Call for abstracts for EUSPR 2017 in Vienna is now open.
They welcome submissions on all prevention science topics. They also encourage presentations that focus on improving the use of evidence in policy and practice, and welcome submissions from delegates outside of academia (such as policy makers, practitioners, and advocates) who have an interest in prevention.
Brussels, 22 February 2017 On the European Day for Victims of Crime, Commissioner for Justice, Consumers and Gender Equality, Vera Jourová, said: "Every year across the EU, around 1 in 7 people fall victim to crime. All victims of crime need to be treated with dignity and given the support and protection they need. My message to them is: Europe is on your side. The Victims' Rights Directive, which gives all victims of crime across Europe the right to protection, assistance and support, should have been in place in all Member States over a year ago. But rights are not enough if they are not applied in practice. I call once again on all Member States that have not yet transposed the Victims' Rights Directive into their national legislation to do so without further delay. Last week, new rules were adopted to better protect victims of terrorism. They will ensure that victims of terrorism will receive the protection, advice and support they need, wherever they are in Europe, immediately following an attack and for as long as necessary. This year, I'd like to focus on women. One in three has experienced some form of gender-based violence in their lifetime. Female victims of any form of violence should not be blamed for what has happened to them. This is why the Commission launched a campaign in 2017 to raise awareness on this issue. I want these women to know that they can go to the authorities and be heard by police, prosecutors and judges, all trained to listen to them. They should feel safe during a trial and feel protected from the offender outside the courtroom. They should also have access to support services tailored to their individual needs. Violence, whatever its nature, is a violation of our European values and fundamental rights. We must fight it together and give its victims all the support they need to rebuild their lives."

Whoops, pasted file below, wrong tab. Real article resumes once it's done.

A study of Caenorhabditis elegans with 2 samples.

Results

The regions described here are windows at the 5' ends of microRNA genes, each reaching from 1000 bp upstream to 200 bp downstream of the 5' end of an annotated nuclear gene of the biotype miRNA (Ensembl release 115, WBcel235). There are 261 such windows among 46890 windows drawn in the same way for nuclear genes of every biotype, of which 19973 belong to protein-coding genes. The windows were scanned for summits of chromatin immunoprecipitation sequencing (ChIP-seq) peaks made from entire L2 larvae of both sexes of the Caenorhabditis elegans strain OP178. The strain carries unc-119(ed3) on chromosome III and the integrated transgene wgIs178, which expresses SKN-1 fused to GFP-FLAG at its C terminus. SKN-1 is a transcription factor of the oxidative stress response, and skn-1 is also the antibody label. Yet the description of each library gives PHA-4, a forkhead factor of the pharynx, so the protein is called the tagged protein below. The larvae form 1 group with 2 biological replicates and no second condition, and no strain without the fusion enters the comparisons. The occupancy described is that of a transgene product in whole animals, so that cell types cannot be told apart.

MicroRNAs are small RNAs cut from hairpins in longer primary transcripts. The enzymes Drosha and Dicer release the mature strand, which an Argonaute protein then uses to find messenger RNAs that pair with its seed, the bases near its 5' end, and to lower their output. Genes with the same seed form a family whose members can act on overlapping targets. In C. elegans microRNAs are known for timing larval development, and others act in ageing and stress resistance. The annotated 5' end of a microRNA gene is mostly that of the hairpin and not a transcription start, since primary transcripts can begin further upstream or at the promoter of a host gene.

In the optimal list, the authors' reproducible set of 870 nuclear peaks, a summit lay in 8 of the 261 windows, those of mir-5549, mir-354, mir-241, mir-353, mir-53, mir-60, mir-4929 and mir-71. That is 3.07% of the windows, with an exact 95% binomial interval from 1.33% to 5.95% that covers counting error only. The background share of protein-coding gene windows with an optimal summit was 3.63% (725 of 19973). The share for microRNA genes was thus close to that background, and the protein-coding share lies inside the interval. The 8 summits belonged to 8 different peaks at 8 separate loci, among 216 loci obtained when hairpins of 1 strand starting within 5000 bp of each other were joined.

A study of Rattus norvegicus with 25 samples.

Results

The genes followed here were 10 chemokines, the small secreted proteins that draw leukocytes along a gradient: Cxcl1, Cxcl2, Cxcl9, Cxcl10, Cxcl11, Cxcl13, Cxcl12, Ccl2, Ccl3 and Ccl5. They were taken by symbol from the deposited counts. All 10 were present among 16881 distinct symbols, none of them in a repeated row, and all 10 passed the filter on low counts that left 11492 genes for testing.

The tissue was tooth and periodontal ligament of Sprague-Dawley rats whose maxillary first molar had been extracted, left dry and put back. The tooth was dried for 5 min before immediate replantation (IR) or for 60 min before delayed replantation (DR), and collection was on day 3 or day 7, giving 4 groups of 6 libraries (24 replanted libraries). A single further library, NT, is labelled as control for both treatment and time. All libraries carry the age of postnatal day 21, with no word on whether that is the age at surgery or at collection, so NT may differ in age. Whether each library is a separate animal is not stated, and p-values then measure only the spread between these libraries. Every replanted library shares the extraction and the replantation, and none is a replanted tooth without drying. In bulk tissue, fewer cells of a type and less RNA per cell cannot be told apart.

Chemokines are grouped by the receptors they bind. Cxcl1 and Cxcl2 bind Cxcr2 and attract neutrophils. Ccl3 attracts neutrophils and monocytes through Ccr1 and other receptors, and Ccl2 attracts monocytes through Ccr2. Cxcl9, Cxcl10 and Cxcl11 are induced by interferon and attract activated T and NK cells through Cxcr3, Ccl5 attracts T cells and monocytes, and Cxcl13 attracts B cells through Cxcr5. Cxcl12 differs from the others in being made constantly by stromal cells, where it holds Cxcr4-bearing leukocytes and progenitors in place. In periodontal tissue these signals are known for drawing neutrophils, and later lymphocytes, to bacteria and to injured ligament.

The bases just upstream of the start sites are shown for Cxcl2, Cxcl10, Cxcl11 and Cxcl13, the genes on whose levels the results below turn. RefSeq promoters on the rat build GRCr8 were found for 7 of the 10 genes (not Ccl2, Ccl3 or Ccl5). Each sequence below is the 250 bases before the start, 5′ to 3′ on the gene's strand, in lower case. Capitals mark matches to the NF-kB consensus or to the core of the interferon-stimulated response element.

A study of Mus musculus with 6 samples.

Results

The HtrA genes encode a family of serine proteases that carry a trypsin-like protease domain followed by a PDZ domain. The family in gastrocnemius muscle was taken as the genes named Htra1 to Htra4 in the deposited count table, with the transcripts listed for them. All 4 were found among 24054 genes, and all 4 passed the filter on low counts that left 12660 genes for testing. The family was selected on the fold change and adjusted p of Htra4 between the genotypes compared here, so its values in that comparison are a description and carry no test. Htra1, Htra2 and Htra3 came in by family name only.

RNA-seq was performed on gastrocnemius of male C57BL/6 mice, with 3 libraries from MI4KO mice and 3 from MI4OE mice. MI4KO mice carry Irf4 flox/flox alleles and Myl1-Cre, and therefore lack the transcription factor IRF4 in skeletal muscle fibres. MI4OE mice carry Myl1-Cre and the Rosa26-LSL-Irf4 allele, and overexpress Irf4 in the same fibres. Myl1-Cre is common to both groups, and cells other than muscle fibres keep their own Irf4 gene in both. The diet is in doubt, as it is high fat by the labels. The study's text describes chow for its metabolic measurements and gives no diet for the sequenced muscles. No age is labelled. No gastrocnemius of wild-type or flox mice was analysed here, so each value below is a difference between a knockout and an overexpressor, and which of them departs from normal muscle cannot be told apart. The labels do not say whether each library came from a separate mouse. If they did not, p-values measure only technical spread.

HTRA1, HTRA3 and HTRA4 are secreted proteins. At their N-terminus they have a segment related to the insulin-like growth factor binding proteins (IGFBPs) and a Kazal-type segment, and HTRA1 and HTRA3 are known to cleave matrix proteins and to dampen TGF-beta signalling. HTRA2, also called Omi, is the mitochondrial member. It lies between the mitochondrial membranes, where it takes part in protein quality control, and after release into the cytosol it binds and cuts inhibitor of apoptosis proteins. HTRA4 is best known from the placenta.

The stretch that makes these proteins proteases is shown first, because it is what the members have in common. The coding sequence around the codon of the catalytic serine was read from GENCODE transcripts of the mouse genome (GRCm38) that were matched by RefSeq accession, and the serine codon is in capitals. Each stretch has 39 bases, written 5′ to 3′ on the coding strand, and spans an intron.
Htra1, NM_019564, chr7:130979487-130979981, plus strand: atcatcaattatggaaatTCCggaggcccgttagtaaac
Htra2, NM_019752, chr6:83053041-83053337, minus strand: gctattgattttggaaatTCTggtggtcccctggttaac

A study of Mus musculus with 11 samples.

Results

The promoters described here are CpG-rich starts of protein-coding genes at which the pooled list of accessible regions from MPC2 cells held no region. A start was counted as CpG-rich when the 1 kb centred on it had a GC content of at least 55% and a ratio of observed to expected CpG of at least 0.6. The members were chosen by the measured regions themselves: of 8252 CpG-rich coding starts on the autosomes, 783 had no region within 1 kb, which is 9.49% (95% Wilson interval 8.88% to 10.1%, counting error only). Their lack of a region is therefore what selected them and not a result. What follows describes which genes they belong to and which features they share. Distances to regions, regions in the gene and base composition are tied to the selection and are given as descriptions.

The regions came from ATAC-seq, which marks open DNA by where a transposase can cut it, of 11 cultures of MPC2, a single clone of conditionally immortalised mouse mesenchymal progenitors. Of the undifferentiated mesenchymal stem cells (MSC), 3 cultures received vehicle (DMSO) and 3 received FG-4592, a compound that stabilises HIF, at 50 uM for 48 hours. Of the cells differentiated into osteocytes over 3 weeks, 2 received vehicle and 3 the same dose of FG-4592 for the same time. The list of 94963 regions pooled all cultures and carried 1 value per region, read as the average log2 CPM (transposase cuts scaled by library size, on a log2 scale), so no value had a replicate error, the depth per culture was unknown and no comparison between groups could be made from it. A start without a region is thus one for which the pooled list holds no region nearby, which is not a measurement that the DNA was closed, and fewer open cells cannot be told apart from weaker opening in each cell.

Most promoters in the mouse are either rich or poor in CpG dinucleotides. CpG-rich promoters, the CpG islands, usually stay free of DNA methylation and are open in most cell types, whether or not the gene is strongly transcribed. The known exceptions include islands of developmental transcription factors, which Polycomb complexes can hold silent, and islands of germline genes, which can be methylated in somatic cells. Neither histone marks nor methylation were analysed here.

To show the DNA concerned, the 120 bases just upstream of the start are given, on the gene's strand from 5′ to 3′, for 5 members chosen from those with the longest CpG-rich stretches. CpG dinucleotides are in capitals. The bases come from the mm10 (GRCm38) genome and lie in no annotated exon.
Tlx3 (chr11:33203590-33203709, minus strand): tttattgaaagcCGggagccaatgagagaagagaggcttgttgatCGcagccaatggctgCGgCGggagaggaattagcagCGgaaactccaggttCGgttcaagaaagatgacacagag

Every person is protected from discrimination on grounds of race, ethnic origin, gender, disability, religion, belief or philosophy of life, age, or sexual orientation. Discrimination means treating one person worse than another person due to, for instance a disability they have or their origin. This protection applies regardless of residence status. This protection is based on Germany’s General Equal Treatment Act (Allgemeines Gleichbehandlungsgesetz). It prohibits discrimination mainly in the world of work and daily affairs, such as going to a discotheque or renting housing. The Federal Anti-Discrimination Agency provides you with confidential counselling free of charge. It can also help you to find a counselling centre close to where you live: +49 (0) 30 18555-1865 (Mo–Fr: 9:00–12:00 a.m. and 1:00 –3:00 p.m.) You can also find an anti-discrimination counselling centre near you by using the counselling centre search option. The tasks of the Anti-Discrimination Agency also include research and public relations. For new immigrants and refugees, they have compiled useful information covering the various aspects of life in the brochure “Protection against Discrimination in Germany”.